30 July 2008
Pilot travel permit to US to start Friday
The controversial "visa-free" travel permit to the US will begin its pilot program on Friday. Under the new electronic system designed for the Department of Homeland Security, all international visitors who do not need a visa will need to provide personal information for safekeeping on a centralised database.
27 countries participate in the visa waiver program with America, however as of 12 January 2009, all nationals from these countries will need an Electronic System for Travel Authorisation (ESTA) to enter the country. This will include travellers from Australia, New Zealand and the United Kingdom. This Friday, Homeland Security will be launching ESTA for a pilot-run, meaning travellers to the country can voluntarily offer their personal information for the database.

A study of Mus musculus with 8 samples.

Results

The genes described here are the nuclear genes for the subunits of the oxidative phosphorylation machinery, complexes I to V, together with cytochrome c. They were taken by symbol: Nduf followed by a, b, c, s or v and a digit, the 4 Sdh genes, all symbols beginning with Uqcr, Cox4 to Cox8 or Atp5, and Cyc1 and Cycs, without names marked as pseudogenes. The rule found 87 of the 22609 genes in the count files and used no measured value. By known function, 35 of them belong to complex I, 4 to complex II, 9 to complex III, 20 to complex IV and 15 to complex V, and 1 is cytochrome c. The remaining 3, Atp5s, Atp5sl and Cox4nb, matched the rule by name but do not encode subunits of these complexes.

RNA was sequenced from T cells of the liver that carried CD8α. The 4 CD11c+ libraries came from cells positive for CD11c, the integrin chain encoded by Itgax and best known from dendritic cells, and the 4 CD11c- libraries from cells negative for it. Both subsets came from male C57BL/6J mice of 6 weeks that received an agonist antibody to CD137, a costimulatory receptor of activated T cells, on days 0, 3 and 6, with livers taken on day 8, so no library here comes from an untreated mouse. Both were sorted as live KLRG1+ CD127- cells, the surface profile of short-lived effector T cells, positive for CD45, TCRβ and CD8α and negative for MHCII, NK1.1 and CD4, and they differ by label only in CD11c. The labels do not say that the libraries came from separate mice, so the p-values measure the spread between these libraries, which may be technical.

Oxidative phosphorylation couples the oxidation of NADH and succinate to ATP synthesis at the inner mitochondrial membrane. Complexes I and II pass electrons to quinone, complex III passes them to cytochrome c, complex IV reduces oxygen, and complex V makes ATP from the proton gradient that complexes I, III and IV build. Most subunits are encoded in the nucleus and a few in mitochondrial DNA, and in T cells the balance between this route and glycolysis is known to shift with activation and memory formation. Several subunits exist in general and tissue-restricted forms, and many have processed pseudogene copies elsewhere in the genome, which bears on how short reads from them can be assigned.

The ESTA will replace in-flight passenger cards, which visitors from these countries currently fill out en route to America, and will in most cases be granted instantaneously. The ESTA will also last for two years.
In line with the visa waiver agreement, the European Commission will monitor the program over the next few months to ensure it is not acting as an American visa program, reports EU Business.
The ESTA has been designed to mirror the Australian Electronic Travel Authorisation (ETA visa), which is the most streamlined and advanced visa system in the world. International travellers can apply online for a travel visa to Australia for business or leisure and in most cases can have a visa granted in seconds. The ETA replaces all visa stamps, labels, and paperwork.
The Australian Visa Bureau is an independent consulting company specialising in helping people apply for an Australia visa.
Article by Jessica Bird, Australian Visa Bureau.